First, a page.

What is Attuning?
The art of Attuning is the practice of maturing between individuals, verbally and non-verbally. The practice can occur in a professional setting, or in a conversation. It occurs as a result of compassionate empathy, and listening to understand. It follows no script or sequence of ‘steps’. It requires an iteration between individuals to openly and honestly share information non-judgmentally. In a professional setting, Attuning focuses on resolving conflicts, improving employee relations, and managing change.
Attuning and Professional Helping Relationships
In a professional helping relationship, such as therapy or counseling, Attuning is used by the professional to explore the feelings and needs that influence the behaviors and choices of the client. Although the outcome of new behaviors might be a goal with therapy, Attuning itself is the cornerstone of an in-depth understanding behind the choices. Without this understanding, professionals may recommend solutions that will miss the target.
The process of Attuning starts with exploring the feelings and needs of the other. Although the other may want to ‘tell the story’, the feelings and unmet needs are the important aspects to explore. In that sense, an understanding of which feelings are associated with which unmet needs is critical. A healthcare worker may love their work and hate the hospital. The unmet need may be ‘lack of respect’ or ‘lack of security’. Rather than continually retelling the story (re-traumatizing), the other is better served by seeing how their needs are not being met- that is ‘causing’ the feelings. By Attuning, the professional can better empathize with the other in the circumstances. The focus here is always about the client, and not about anything the client can not control. They can not change the policy or working conditions (feelings of helplessness). The client may have an unmet need of control. As the Attuning process moves along, the client will likely being to better understand how the unmet need shows up in other ways, too.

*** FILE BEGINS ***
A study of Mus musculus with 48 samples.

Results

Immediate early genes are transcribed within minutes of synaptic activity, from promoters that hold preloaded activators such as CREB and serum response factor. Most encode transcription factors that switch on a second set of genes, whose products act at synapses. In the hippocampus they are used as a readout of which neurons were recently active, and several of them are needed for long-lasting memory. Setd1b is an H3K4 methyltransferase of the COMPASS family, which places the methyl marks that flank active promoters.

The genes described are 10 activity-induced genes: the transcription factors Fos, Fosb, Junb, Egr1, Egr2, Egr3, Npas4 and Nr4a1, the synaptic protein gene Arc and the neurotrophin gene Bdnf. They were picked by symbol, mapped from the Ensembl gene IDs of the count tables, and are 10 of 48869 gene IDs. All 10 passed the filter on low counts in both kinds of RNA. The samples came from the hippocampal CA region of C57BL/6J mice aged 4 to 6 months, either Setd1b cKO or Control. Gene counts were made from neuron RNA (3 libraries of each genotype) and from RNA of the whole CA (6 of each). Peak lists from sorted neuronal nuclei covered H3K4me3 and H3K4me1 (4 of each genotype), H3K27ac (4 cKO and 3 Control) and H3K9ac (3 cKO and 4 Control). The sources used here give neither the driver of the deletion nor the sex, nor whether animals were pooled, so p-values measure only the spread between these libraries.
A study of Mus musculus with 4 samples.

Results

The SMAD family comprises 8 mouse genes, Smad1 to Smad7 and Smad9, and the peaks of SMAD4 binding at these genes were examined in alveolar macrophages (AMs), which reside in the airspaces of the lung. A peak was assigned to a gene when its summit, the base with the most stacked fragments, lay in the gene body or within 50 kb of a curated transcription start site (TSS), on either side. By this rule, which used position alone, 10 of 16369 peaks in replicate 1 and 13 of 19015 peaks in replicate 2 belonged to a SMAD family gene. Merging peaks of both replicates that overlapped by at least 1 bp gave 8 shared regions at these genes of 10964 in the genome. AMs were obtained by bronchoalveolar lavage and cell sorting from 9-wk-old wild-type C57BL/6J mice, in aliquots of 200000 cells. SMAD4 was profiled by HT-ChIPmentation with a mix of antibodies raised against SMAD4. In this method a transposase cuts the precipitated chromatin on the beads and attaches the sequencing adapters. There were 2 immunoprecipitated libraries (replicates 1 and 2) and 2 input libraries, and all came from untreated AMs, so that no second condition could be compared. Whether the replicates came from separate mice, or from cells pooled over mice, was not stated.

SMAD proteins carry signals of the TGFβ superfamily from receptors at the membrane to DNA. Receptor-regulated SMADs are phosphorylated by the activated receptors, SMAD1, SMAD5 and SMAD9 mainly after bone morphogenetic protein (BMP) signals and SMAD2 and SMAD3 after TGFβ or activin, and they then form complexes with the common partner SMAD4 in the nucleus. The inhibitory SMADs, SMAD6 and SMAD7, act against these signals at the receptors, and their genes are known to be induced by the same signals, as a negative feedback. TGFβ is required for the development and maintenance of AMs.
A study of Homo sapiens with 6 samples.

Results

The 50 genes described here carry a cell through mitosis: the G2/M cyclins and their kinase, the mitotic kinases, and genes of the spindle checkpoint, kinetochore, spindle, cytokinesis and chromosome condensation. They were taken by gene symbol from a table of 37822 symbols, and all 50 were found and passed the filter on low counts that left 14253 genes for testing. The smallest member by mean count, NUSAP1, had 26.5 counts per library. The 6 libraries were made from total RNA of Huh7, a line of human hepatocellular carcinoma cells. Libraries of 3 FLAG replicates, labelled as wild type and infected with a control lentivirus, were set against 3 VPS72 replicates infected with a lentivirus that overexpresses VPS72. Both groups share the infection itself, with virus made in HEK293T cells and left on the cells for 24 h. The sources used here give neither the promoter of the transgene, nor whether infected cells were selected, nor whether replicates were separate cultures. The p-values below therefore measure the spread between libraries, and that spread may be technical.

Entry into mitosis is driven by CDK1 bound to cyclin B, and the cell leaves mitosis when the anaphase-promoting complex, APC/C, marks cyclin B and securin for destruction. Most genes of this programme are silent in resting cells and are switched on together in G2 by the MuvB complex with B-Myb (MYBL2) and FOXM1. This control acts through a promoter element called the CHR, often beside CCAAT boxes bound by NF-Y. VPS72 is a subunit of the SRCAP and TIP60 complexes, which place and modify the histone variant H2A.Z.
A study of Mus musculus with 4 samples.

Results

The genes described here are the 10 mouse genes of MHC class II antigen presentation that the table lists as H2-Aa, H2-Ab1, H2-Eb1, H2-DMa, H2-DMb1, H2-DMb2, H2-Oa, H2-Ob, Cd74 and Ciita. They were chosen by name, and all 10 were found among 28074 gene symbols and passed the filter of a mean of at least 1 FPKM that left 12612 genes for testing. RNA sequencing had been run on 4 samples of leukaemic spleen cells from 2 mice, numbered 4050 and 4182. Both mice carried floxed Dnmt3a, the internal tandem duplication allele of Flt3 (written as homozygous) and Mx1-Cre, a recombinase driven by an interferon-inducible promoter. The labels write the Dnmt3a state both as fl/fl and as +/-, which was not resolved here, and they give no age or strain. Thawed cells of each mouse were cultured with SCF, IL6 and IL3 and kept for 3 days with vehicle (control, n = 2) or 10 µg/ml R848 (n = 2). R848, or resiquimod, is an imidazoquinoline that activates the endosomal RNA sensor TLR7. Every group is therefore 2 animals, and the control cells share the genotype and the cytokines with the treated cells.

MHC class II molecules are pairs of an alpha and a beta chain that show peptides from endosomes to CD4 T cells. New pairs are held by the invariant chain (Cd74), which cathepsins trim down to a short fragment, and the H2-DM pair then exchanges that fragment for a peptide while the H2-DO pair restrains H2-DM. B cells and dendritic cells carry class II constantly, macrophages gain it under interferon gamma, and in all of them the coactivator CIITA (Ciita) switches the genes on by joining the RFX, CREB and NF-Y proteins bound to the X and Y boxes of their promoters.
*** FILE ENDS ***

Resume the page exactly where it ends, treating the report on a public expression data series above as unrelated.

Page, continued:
Sue may be making a good wage and have financial security (a ‘met’ need). She may spend a lot of time at work (a ‘met’ need for making a difference). She may be frustrated that her co-workers do not have the same commitment, and frustration at a lower level (unmet need for competence, as she has to cover for them to her boss). She may be having issues with her spouse and family due to the long hours at work (unmet needs of Love, Joy, and Relationship security). She will likely feel shame for her feelings, judgements, and behaviors as well. So where do you start? Sue comes to the sesson to process looking for another job, burnout at work, arguments with her partner, etc. Without Attuning, the professional might easily slide into a ‘pattern’ or ‘motive’ to work with Sue as she shares in each session about what she has control over… her core unmet need. Without Attuning, the professional must work much harder to help her see this key unmet need and the behaviors that result from it.